It's in the bag
An important step in preparing for your baby’s arrival is getting your hospital bag together. Here is a handy checklist of items the Little Treasures team found useful to have, along with some extras.
Your bag should contain all you need for your labour and the few days following. Conventional wisdom holds that you should have the basics packed and ready by the front door a month before your due date, to be on the safe side. Everyday items like your toothbrush and phone can be grabbed as you leave. (And this is not the time for your partner to make his usual jokes about women not being able to pack light.)
- Toiletries - Toothbrush, toothpaste, deodorant and lip balm, plus a body wash/soap, shampoo and conditioner, comb/brush, cleanser and moisturiser. Make-up if you want, too. Having your own products when you have a shower will make you feel much better.
- Hair ties - Even if you hair isn’t very long, you may want it off your face and the back of your neck during labour.
- Pillow/pillow case - Having your own can be much more comfortable than using hospital ones.
- Face cloths - For making cool compresses for your face and neck.
- Pyjamas/nightie - It pays to wear the hospital nightie while giving birth (as it will likely get dirty) and then have your own PJs or nightie to change into later. Make sure they button through the front so you can breastfeed more easily.
- Warm socks - Feet can get very cold during labour.
- Spare pants - A multi-pack of inexpensive knickers to wear during your hospital stay is very handy, so you can just throw them away after you've worn them.
- Birth plan - Opinion can be divided on how useful these are. Essentially, a birth plan is an outline of how you would ideally like your labour and birth to proceed and can cover everything from what kind of pain relief you’re prepared to consider, through to who you want to cut the umbilical cord. You may never refer to it during labour, but it can help to ensure you and your partner and/or caregivers are clear on what you do and don’t want. Make sure it’s written down well ahead of your due date when you have time to find out more about the various procedures and pain relief options. Bear in mind also that your ideal birth scenario can change totally once you’re in the thick of labour, and that’s fine too.
- TENS machine - (Transcutaneous Electrical Nerve Stimulation) – a small battery-powered device that sends gentle electrical impulses to your skin through electrode pads on your back. The pulses are designed to help your body release endorphins and block the pain messages to help combat labour pains. They are easy to use and can be hired through a variety of websites.
- Massage oil/essential oils - If you want to use aromatherapy during labour try clary sage and lavender (an electric essential oil burner is useful).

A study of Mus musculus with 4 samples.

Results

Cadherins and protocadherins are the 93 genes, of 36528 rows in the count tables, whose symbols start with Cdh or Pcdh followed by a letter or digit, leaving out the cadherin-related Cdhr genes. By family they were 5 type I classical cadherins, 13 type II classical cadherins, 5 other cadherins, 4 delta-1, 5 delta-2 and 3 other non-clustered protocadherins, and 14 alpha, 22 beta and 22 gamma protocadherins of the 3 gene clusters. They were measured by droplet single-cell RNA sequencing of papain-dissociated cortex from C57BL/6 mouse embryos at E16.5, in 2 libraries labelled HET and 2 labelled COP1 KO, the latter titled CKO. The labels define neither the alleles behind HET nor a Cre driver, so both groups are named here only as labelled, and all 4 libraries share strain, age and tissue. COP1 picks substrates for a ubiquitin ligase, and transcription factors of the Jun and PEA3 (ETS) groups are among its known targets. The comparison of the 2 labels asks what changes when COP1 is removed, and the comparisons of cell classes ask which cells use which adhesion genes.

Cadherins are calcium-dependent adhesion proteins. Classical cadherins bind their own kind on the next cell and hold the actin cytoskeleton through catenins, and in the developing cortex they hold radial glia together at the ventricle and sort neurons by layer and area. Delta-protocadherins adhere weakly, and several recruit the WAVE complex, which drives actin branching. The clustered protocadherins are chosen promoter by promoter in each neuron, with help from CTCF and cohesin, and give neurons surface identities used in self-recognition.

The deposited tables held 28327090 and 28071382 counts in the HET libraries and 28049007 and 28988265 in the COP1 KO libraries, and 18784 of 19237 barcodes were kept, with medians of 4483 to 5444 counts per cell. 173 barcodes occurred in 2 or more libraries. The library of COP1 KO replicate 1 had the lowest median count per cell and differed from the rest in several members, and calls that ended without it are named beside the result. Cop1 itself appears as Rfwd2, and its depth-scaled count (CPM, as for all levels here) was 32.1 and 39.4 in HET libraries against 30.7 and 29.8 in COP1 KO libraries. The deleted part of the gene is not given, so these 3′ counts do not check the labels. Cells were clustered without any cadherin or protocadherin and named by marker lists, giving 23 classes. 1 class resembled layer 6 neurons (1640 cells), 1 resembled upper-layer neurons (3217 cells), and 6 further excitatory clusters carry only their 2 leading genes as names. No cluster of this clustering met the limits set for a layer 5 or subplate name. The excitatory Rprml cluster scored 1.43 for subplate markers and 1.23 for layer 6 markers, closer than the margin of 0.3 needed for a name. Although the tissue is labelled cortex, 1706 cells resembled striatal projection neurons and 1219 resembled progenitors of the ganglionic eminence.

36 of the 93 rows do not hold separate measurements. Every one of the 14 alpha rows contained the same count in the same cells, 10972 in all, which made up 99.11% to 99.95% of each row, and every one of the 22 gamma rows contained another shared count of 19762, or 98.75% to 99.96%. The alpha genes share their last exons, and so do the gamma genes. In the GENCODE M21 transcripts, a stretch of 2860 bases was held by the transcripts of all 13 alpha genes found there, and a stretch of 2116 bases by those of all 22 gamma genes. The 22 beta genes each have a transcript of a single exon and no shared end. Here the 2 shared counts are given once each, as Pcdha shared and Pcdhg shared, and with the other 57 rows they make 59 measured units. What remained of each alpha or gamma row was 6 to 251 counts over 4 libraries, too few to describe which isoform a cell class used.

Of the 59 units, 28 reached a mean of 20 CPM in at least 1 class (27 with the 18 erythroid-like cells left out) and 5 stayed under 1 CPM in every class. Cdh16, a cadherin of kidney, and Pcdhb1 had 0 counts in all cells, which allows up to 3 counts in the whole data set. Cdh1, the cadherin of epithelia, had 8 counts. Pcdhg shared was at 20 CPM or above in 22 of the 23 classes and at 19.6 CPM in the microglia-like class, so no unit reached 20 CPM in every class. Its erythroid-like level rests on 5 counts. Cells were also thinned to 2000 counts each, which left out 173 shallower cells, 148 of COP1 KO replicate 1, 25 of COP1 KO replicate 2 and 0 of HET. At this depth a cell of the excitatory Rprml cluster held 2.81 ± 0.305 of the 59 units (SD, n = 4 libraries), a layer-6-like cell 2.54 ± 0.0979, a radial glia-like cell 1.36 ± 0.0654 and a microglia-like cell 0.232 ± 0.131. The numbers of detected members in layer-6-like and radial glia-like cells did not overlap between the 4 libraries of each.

- Rescue Remedy - This homeopathic remedy can be used safely during pregnancy, labour and breastfeeding. It is used traditionally to relieve feelings of stress, anxiety and agitation and bring a sense of focus and calm. It can also be handy for partners and caregivers who are supporting you.
- Snacks - Handy for you and your partner. Muesli bars, snack logs, dried fruit and nuts, chocolate etc.
- Drink bottle and/or boxes of juice - It's important to stay well hydrated during labour.
- Toilet paper - Hospital toilet paper can be harsher than what you’re used to at home, so taking your own roll could be more comfortable if you’re sore.
- Little tissue packs and wet wipes - Handy for wiping hands and face.
- Maternity pads - These are heavy-duty sanitary pads. The hospital will provide you with some but you could also take extra to be on the safe side.
- Feeding bra - Once your milk comes in (usually day 2/3) you may be glad of the extra support for your swollen, sometimes quite uncomfortable breasts. If you don’t want a bra under your nightie then try a maternity camisole, which provides extra support.
- Breast pads - You may find you leak between feeds. Disposable pads are easy to use in hospital (washable re-usable versions are also available for when you’re at home if you prefer).
- Nipple cream - Great for soothing sore, cracked nipples between feeds.
- Notebook and pen - Useful for recording feed times.
- Earplugs - Ideal for helping you sleep in case you and baby are sharing a room afterwards with another new mum and baby.
- Sleeping mask - To help you sleep during the day. You may also want to pack an extra one for your partner in case they’re trying to sleep too.
- Jandals - For wearing in the shower.
- Camera - Use your phone camera or bring a digital one to capture the early moments. Make sure you bring a spare memory card and the power cord for charging.
- Clothes to wear home - Or your partner can bring these in later.
- Money - Cash for parking or vending machines.
- iPod and speakers - If you want music during labour.
- Phone - And charger
- Clothes - 2-3 changes including a hat, booties and onesies. A swaddle or wrap is also useful to have.
- Blanket - You may want to bring a blanket to tuck around baby if it's cold when you're leaving the hospital.
- Nappies - The hospital will supply some but you might like to have your own stocks on hand when you need them.